Explanation Found For Die-Off Of Coral Reefs In Gulf Of Mexico
Three years ago, parts of coral reefs in the Flower Garden Banks National Marine Sanctuary were killed in a dramatic event. What caused the death of the large and colorful reefs about 100 miles from the Galveston coast – with up to 80 percent mortality in some areas – was a mystery.
A team of oceanographers from Texas A&M University believes it has an explanation.
Considered some of the healthiest coral reefs remaining in the Caribbean and Gulf of Mexico, the reefs at the Flower Garden Banks grow on top of shallow, submerged banks in otherwise deep water. The Texas A&M team’s research, which was recently published in the current issue of Coral Reefs, found that two separate processes caused hypoxia on the reef, leading to the die-off.
Researchers from the Department of Oceanography included Katie Shamberger, Shawn Doyle, Jason Sylvan, Robert Hetland and Steven DiMarco, along with Andrea Kealoha, now at the University of Hawaii Maui College. The team found that hypoxia – low levels of oxygen – was caused by the transport of freshwater runoff from the Mississippi, Atchafalaya, and Brazos Rivers, and an upwelling of deep, dense water onto the reef.
“We believe the combination of two different processes – river runoff and upwelling – caused localized hypoxia that killed invertebrates on the reef,” Shamberger said. “In other words, both processes happened simultaneously to cause hypoxia and one of them alone may not have caused any trouble.”
Shamberger said the first process, which was river runoff that flowed offshore, was most likely water from the Mississippi-Atchafalaya Rivers, but about one-fifth of the water was from Texas rivers. These waters made it out to the Flower Garden Banks as a thin, low salinity surface layer. Since it was on the surface, the low salinity water probably didn’t touch the Flower Garden Banks reefs, which are about 60 feet deep, but the runoff was turbid and blocked sunlight from the reef.
“Blocking light from the reef reduces photosynthesis, and we think this resulted in there being more respiration than photosynthesis by reef organisms. As a result, oxygen on the reef was being used up faster than it was being produced,” Shamberger said. “This would be no big deal if the water on the reef mixed with surrounding water with normal oxygen levels to replace the oxygen being used up by reef organisms. But we think a second process, called upwelling, helped prevent mixing.”
When upwelling occurred, Shamberger said, deeper and denser water settled into pockets on the reef. This presented mixing and allowed respiration to use up oxygen in the bottom layer, causing the death of reef organisms that couldn’t swim away from the hypoxic water.
“All of this could have happened very quickly – within 48 hours,” Shamberger said.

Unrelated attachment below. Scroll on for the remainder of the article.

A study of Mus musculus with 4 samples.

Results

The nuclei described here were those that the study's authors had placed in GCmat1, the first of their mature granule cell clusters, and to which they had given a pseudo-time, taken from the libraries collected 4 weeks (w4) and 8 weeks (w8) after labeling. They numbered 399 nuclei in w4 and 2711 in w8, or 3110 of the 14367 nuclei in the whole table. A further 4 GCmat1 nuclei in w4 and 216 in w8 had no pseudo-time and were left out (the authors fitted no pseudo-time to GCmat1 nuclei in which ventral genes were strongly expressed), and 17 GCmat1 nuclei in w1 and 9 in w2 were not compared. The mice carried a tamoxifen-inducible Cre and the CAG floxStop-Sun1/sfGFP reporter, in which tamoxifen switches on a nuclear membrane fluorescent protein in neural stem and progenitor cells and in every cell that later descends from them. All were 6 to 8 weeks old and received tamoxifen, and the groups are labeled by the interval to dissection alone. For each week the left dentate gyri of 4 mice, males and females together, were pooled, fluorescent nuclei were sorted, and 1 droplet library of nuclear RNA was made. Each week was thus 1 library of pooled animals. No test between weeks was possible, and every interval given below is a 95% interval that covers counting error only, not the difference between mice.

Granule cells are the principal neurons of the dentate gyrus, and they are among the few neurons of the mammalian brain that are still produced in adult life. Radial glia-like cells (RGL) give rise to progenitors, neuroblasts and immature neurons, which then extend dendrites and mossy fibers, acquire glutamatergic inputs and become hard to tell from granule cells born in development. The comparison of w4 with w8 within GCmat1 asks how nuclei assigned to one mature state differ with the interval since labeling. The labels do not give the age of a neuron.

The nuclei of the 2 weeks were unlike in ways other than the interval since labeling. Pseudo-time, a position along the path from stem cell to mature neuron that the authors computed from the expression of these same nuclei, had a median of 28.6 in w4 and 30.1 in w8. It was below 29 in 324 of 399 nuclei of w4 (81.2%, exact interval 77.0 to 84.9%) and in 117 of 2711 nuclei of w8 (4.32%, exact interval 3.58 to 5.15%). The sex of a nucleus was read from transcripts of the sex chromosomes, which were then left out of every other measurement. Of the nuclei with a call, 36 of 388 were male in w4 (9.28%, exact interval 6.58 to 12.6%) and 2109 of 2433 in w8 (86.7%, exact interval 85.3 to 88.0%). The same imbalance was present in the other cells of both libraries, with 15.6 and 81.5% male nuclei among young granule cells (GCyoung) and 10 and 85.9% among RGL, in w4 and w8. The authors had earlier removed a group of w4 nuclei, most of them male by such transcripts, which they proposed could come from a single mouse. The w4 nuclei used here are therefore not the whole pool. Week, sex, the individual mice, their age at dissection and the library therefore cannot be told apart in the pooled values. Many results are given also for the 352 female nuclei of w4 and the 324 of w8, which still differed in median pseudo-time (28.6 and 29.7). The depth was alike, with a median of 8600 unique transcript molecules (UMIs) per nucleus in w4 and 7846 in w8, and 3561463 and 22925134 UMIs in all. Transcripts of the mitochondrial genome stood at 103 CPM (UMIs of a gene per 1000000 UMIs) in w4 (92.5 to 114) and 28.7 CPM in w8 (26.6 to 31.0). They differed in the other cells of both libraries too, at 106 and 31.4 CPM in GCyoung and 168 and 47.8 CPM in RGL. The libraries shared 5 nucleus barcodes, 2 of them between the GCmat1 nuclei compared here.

Only about 3 percent of the reef was affected by the die-off, but some of these areas experienced almost 80 percent mortality, she explained, and those areas have still not recovered. Corals, sponges, urchins and sea stars were some of the marine life most affected.
“While we know that river runoff makes it out to the Flower Garden Banks periodically, and that there is evidence that upwelling at East Bank also occurs, we do not know how often these processes happen simultaneously or how likely it is that they will occur together to cause hypoxia on the coral reefs in the future,” Shamberger said. “We do know that there is cause for great concern because human caused climate change and ocean warming are generally making ocean hypoxia worse.”
The research team went to the site to collect data five days after the discovery of the die-off event. Shamberger said it was an “incredibly quick” turnaround time to mobilize such a research cruise.
Kealoha said the Flower Garden Banks and other NOAA national marine sanctuaries are special places that “hold remarkable diversity and beauty, cultural and historical significance, and economic opportunity.” However, the event shows that the areas are still subject to environmental and climate change stressors that cannot be controlled by local management, Kealoha said, and stressors need to be managed through national and global efforts.
“Hypoxia in coral reefs is an emerging stressor that is gaining more attention, Kealoha said. “Yet, it is very difficult to measure hypoxia because many reefs, like the Flower Garden Banks, are isolated. By the time anyone can figure out what’s happening, it’s often too late.”
The authors wrote that instruments on the reef continuously measuring ocean conditions could help us understand the stresses coral reefs are under and how they respond to human-caused environmental changes.
Funds for the work were provided by the NOAA Flower Garden Banks National Marine Sanctuary, NOAA Office of National Marine Sanctuaries, Gulf of Mexico Coastal Ocean Observing System, the College of Geosciences, the Department of Oceanography, the Geochemical and Environmental Research Group, the Harte Research Institute, the Texas General Land Office, the Texas OneGulf Center of Excellence, the GoM Research Initiative to support the Aggregation and Degradation of Dispersants and Oil by Microbial Exopolymers (ADDOMEx) consortium, and NOAA Nancy Foster Scholarship program. Partial funding was provided by the Texas Governor Fund through the Texas Restore Program, as well as the G. Unger Vetlesen Foundation.